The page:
So it was illuminating that the word "science" did not appear once in Boris Johnson's statement to the Commons on Tuesday, in which he outlined a raft of new restrictions (watch his statement on the measures in the video below).
Behind the scenes, experts are increasingly concerned that their views and recommendations are being ignored as case numbers rise and panic sets in.
Take the 10pm curfew. The Telegraph understands that Sage did not include such a cut-off in its list of recommendations put forward to bring down case numbers – but Downing Street pressed ahead with it anyway.
Government sources say the requirement was added based on "back of the fag packet" calculations, without any scientific research or modelling to back them up.
Scientists on Sage are said to be irritated that they are being blamed for restrictions that they did not recommend, and are calling for Number 10 to publish their original recommendations.
Asked by The Telegraph whether we could see the Sage advice that prompted the new restrictions (watch a pub boss reacting to the curfew in the video below), the Government responded: "The advice will be published online in due course as part of our regular publications. We continue to publish Sage minutes and available evidence when they are no longer under live consideration for policy decisions."
The problem with such an approach is that, by the time it no longer impacts policy decisions, the damage has already been done. And nobody has been able to question the legitimacy of the action.
Sir Patrick Vallance, the Government's chief scientific adviser, has consistently called for Sage advice to be published more quickly, believing that scrutiny from outside scientists is crucial to check their findings, challenge assumptions and supply new thoughts.
"If you sign up to science, you sign up to the idea that others should review your work," he wrote in The Telegraph in May.
The Government, on the other hand, chooses to dump dozens of documents on a Friday afternoon, often giving journalists less than an hour to sort through them before organising background briefings. The most important have regularly been buried in the largest data dumps, making them difficult to find.
Timely access to information is one of a number of areas in which cracks are beginning to show between the Government and its experts.
When Sir Patrick unveiled the 50,000 cases a day "doomsday" graph (illustrated in the graphic below) alongside Professor Chris Whitty earlier this week, he seemed like a man being forced to read a hostage demand by kidnappers.
At pains to point out that the graph was "not a prediction", he repeatedly insisted it was "simply a way of thinking about how quickly this can change".
For a man who sets so much store in creating a transparent and evidence-based response to the pandemic, it must have been excruciating.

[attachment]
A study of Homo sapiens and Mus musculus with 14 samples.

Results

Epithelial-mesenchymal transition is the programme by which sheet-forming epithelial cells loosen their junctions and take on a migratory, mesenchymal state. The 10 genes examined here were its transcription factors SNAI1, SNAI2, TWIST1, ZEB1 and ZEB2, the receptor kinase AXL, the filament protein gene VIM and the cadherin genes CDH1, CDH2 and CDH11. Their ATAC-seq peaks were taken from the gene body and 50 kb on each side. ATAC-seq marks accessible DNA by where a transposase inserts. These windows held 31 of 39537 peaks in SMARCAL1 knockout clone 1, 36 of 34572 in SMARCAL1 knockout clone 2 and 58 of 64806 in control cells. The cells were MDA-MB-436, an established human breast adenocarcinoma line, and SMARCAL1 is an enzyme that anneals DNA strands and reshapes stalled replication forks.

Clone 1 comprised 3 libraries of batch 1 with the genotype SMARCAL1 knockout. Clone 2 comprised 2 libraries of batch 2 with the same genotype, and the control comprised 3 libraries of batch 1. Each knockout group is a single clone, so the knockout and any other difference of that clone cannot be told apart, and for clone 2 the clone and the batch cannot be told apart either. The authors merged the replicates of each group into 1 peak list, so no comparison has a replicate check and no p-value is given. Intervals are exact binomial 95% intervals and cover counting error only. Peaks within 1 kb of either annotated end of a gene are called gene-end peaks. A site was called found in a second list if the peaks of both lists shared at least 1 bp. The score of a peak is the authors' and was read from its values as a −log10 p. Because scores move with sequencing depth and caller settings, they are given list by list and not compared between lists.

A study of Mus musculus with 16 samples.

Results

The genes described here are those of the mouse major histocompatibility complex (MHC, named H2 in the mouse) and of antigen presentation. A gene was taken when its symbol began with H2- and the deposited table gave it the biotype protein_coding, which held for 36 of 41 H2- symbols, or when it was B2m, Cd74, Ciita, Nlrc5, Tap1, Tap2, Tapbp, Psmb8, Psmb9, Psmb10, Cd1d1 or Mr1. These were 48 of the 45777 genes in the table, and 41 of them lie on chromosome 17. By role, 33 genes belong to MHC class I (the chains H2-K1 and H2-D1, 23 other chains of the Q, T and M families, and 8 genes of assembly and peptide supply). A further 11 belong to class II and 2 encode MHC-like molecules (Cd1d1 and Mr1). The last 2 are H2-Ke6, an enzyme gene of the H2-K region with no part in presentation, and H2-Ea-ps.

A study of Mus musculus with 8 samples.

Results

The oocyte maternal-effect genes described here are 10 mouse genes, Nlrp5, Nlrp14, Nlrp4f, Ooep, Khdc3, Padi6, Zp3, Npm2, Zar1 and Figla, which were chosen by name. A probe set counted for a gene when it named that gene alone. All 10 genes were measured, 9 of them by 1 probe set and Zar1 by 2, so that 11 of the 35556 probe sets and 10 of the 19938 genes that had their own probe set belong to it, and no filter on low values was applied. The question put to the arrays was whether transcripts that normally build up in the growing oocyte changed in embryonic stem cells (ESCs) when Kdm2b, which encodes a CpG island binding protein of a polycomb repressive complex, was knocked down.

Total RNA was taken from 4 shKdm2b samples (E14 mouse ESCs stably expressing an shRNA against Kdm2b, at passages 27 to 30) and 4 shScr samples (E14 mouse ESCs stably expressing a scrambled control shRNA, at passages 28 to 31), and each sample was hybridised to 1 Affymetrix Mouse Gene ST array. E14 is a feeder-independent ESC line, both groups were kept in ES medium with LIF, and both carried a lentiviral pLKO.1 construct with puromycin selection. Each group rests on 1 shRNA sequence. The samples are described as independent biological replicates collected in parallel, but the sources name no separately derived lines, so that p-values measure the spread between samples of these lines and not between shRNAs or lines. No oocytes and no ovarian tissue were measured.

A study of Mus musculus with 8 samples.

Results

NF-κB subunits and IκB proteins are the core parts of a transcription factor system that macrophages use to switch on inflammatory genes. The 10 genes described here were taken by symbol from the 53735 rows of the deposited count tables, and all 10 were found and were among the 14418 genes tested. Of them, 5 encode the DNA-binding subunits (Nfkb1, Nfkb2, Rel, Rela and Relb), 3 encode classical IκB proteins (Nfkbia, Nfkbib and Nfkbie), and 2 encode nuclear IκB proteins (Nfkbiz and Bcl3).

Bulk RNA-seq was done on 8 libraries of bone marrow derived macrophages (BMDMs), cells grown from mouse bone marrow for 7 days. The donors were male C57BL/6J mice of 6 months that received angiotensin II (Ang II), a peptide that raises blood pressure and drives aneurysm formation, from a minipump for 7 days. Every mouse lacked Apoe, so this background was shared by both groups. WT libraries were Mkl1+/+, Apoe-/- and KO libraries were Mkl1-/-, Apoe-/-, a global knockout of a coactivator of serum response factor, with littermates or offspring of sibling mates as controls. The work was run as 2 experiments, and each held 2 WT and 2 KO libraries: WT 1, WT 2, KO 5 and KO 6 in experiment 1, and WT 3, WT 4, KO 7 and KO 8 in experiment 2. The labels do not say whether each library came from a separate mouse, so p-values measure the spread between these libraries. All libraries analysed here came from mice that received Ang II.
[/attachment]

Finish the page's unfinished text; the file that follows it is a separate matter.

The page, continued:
Equally troubling was the decision to allow no questions from journalists, which only added to the impression that the Government was keen for the pair to not go off-script.
Insiders claim there is also a growing divide between Prof Whitty and Sir Patrick on how to control the virus. While the chief medical officer is an advocate of increased restrictions to stamp it out, Sir Patrick is more pragmatic, believing we will need to find ways to live with the disease.
He said as much at the press briefing, explaining: "We will be living with this virus. This is circulating amongst the population worldwide. It will continue to do so. We will be learning how to live with it."
It is likely that such an approach will involve vaccinating the most vulnerable and allowing the virus to circulate in the population (the graphic below shows projections for its growth) until herd immunity is achieved. The worry is that the Government, and Professor Whitty, will deem such an approach too risky.
For now, the Government is finding that rowing against the stream of science is leading to difficult questions. Evidence for a 10pm curfew simply does not exist, and academics are divided on whether it will make any difference.
Several argue that alcohol increases risk-taking behaviour, and believe – somewhat optimistically – that a 10pm cut-off will keep people more sober. This week, Mr Johnson noted that "the spread of the disease does tend to happen later at night after more alcohol has been consumed" – although again, there is no evidence to support that statement.
Others believe a curfew will have little impact and misses the point that cases have been rising steeply in religious communities in which most people do not drink. Some scientists even think it will make the problem worse because public transport will be busier.
On Friday, Jeremy King, the CEO of Corbin & King, which owns restaurants including The Wolseley and The Delauney in London, demanded to see the evidence behind the decision. "What is the science behind putting people out on the streets at 10pm, filling the tubes and buses?" he asked on Sky News on Friday.
The Wolseley, in Piccadilly, is a favourite spot for politicians. But ministers may end up with a fly in their soup and a flea in their ear if they continue to impose economically reckless policies without the science to back them up.